Hyundai Sonata Hybrid Supplants Ford Fusion As Government's Green Car Of Choice

President Barack Obama pledged to modernize the government fleet, and he has done just that…though many of these new, fuel-efficient cars aren’t American. In fact, 54% of the Obama Administration’s fleet of alternatively fueled vehicles come from Asian brands.

The Asian brands that make up a bulk of U.S. government fleets are Hyundai Motor Co, Honda Motor Co, Toyota Motor Corporation, and Mitsubishi Motors Corporation.

The Obama administration set a goal of purchasing only alternatively fueled vehicles for its fleet by 2015. They have been purchasing alternatively fueled vehicles since 2009 by the thousands. However, their purchases of these vehicles has been decreasing for years. Sales of these vehicles was 8139 in 2009, and dropped to 6,467 in 2010, it then dropped to 2,645 in fiscal 2011. In 2012, the government purchased just 1,801 hybrid vehicles, making up about 3.6% of the more than 50,000 vehicles purchase by the government last year.

It is certainly true that the U.S government should practice what it encourages, and use alternatively fueled vehicles as well to set an example, however, they don’t favor American cars as much as they used to. The Hyundai Sonata Hybrid has replaced the Ford Fusion hybrid as the most popular green car in government fleets.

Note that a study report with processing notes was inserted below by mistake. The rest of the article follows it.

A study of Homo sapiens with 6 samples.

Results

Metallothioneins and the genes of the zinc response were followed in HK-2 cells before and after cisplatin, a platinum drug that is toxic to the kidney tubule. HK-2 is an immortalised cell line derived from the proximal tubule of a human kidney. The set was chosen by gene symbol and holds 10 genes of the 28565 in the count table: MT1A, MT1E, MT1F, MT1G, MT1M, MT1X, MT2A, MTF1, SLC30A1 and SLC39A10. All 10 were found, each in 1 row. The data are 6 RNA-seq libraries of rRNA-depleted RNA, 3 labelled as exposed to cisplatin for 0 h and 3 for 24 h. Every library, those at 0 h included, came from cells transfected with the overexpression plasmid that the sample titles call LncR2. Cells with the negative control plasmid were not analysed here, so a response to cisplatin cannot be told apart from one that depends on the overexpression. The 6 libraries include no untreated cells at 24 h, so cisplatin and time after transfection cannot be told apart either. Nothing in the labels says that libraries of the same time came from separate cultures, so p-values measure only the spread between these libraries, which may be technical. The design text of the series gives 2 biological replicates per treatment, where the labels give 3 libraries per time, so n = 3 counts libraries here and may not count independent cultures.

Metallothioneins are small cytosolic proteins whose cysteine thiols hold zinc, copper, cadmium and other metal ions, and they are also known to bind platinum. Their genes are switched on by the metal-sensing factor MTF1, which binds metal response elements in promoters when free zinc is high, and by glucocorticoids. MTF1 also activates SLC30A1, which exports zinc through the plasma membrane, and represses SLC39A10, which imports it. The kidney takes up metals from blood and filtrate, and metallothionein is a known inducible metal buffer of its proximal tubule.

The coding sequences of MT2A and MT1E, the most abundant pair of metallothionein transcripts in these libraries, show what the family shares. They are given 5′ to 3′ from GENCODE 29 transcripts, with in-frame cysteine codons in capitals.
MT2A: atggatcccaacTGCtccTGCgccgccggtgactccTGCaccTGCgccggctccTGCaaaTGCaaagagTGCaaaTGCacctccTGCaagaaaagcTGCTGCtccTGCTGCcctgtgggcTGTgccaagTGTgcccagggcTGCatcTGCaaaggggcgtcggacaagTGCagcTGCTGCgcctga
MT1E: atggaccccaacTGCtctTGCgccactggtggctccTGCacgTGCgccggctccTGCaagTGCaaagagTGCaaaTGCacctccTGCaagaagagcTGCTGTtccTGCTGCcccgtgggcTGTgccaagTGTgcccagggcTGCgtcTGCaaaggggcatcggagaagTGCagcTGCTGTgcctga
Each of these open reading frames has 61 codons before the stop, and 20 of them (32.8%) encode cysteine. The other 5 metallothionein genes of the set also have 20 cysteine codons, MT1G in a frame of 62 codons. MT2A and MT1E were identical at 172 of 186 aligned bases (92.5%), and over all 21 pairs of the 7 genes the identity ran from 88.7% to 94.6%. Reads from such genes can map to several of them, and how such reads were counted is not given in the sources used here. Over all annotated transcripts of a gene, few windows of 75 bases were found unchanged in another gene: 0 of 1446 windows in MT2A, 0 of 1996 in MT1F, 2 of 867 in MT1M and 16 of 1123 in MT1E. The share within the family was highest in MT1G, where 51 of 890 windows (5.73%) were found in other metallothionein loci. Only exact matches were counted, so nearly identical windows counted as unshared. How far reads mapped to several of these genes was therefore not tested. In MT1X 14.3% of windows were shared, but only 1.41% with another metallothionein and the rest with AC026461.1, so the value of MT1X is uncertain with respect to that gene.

One of the reasons stated for this is that the Fusion was not available in large quantities at the time as anew Fusion hybrid was coming out. The same was said for the Ford C-Max hybrid, though there is no mention of the Chevy Volt, another popular hybrid vehicle.

It’s worth asking…is the Obama administration backtracking on its hybrid fleet pledge? Is the 2015 goal even possible anymore?


Nicholas Brown

loves attending and writing about/photographing events, and he writes on CleanTechnica, Gas2, Kleef&Co, and Green Building Elements. He has a keen interest in physics-intensive topics such as electricity generation, automobiles, refrigeration and air conditioning technology, energy storage, and geography.